By Mario Lubetkin, Assistant Director-General and Regional Representative for Latin America and the Caribbean
The global food security crisis has revealed an increase in undernourishment, reaching higher than in 2015, when countries first agreed to eradicate hunger by 2030 as one of the Sustainable Development Goals (SDG) targets. In the Caribbean, between 2014 and 2021, hunger increased by 2.3 percentage points, affecting 16.4 percent of its population by 2021. Moreover, the Caribbean is a net importer of almost all the main food groups such as cereals, dairy products, fruits and vegetables (except the Dominican Republic), meat and vegetable oils.
This region is highly vulnerable to extreme events, climate variability and climate change. Increasingly extreme weather events, shifting rainfall patterns, rising temperatures, recurrent drought, and floods, among others, pose an unprecedented threat that can cause substantial socio-economic and environmental loss and damage.
The recent Forty-Fourth Regular Meeting of the Conference of Heads of Government of the Caribbean Community (CARICOM), chaired by the Bahamas, highlighted some of the main challenges affecting food production in the region. The Food and Agriculture Organization of the United Nations (FAO) has strengthened a special focus to implement joint strategies to support the Caribbean countries’ priorities and discuss new ways for the Caribbean to transform agri-food systems.
For the first time, FAO was invited to address this important discussion during the 17th Special Session of the CARICOM Council for Foreign and Community Relations (COFCOR).FAO recognized CARICOM’s great efforts to implement the agri-food systems strategy in member states to help achieve the reduction of the Caribbean´s large food imports bill by 25 percent by 2025.
The Organization is supporting the development of priority value chains to contribute to reducing the region’s food import bill. It is doing so by working with governments and key stakeholders in designing and upgrading strategies, as well as good practices and opportunities for attracting investment to help boost intra-regional trade.
In this frame, the Heads of Government of CARICOM have also supported the project proposal _“Building Food Security through Innovation, Resilience, Sustainability and Empowerment”_ presented by Guyana; and FAO is working closely with the Member States to promote a climate finance mobilization strategy to fund innovative initiatives such as novel animal feed, optimizing greenhouses, soil, and land mapping. FAO supports governments and communities in building capacities to comprehensively manage multi-hazard risks to enhance the resilience of livelihoods and value chains.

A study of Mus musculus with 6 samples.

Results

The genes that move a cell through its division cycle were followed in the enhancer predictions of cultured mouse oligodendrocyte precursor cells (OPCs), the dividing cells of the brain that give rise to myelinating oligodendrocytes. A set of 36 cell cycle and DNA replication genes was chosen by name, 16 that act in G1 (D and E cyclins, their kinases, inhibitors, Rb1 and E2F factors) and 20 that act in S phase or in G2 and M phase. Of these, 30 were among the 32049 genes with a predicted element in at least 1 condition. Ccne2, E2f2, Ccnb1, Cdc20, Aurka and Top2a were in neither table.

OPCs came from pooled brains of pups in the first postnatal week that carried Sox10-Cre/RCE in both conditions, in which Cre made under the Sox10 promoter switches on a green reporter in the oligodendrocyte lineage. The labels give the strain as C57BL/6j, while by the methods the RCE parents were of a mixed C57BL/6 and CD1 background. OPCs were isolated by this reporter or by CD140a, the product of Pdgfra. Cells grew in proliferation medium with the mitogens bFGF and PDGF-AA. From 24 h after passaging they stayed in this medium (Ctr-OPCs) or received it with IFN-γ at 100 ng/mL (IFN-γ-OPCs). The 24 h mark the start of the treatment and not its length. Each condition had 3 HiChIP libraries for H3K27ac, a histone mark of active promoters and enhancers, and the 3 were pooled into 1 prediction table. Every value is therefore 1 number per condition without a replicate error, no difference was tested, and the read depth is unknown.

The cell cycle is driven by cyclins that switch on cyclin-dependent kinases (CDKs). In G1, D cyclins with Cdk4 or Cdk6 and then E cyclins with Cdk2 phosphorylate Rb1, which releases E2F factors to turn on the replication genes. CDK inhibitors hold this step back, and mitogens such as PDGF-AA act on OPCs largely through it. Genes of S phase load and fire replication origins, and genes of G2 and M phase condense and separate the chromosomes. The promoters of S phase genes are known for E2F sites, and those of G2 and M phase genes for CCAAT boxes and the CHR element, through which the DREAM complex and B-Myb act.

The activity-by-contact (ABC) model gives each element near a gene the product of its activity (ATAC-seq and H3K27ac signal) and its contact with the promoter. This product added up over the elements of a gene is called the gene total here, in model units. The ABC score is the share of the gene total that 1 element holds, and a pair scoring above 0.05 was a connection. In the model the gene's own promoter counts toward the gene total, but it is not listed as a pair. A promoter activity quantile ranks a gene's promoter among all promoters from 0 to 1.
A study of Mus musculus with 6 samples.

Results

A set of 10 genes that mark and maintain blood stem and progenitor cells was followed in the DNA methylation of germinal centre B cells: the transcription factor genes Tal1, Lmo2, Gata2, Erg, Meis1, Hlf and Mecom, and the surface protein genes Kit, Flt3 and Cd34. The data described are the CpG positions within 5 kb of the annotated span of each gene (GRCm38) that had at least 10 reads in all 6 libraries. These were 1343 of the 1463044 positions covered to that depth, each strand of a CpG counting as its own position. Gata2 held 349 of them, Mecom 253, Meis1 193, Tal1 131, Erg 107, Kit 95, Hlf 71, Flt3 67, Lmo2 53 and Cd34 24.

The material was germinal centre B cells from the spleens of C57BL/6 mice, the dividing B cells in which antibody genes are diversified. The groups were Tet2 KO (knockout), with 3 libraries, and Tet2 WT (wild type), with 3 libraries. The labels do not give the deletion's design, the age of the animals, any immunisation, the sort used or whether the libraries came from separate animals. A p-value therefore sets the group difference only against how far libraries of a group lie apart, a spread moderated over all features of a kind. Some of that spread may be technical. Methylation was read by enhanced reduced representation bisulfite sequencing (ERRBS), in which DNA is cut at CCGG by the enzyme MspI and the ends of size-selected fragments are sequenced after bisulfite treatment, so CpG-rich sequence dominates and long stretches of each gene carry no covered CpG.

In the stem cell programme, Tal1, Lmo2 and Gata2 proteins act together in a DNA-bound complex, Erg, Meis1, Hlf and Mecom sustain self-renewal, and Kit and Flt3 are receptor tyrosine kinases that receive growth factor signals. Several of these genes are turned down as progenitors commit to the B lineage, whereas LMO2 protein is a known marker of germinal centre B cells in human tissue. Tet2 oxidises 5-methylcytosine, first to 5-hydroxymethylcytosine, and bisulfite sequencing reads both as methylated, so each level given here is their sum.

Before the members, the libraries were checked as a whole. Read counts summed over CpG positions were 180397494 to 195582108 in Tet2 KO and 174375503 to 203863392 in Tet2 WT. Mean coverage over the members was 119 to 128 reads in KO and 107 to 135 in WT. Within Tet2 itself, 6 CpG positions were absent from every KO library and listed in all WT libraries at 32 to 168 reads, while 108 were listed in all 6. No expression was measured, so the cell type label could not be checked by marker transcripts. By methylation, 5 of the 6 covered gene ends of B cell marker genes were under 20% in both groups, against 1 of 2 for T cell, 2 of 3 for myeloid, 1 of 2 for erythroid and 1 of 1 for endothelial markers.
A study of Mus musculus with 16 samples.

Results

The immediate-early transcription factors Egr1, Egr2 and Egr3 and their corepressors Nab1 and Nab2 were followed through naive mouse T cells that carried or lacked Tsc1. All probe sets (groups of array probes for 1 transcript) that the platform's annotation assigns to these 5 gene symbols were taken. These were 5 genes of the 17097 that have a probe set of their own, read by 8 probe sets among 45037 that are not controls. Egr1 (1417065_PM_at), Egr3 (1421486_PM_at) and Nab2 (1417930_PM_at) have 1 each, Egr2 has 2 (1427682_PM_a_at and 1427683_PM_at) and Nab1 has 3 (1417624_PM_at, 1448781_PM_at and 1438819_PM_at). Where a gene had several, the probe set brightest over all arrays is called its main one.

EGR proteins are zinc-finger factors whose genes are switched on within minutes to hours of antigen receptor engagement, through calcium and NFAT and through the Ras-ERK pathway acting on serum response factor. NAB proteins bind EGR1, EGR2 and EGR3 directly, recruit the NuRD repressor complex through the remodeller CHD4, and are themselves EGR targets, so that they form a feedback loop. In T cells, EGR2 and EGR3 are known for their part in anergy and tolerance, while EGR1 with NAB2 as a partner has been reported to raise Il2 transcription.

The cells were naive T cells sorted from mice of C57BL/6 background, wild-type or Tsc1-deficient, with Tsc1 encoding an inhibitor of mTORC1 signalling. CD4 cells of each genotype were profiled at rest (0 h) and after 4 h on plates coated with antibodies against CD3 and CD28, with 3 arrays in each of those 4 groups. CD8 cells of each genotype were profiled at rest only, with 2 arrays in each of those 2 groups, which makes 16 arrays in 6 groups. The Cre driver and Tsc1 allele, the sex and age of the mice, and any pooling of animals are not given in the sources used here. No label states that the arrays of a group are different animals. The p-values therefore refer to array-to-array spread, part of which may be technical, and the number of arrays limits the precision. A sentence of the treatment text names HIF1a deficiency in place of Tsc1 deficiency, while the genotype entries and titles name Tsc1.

It is crucial to increase and improve the efficiency and effectiveness of investments across the agri-food system. In this regard, FAO, together with the CARICOM Private Sector Organization, agreed to pursue collaboration to enhance intra-regional trade and private sector investment in the Caribbean to trigger agriculture sector growth.
On the other hand, the last Summit of Heads of State and Government of the Community of Latin American and Caribbean States (CELAC), whose current pro-tempore presidency is held by St. Vincent and Grenadines, concluded with a declaration from 33 member states, which emphasizes a regional commitment to guarantee food security, supporting agricultural and rural development.
This high commitment of the main government structures of the region will contribute to an effective preparation for the next FAO Regional Conference in Georgetown, Guyana, which will take place in March 2024, disclosing the importance of an effective engagement of the Caribbean in the decision-making process to transform the agri-food systems.
The successful transformation of the agri-food systems in the region will require ownership, political commitment, and action plans. It is necessary to coordinate a joint effort to reinforce technical assistance in the field and more investment and partnerships to support food security, climate change fight, sustainable production, and international fair commerce to protect livelihoods and small-scale producers and guarantee our food security.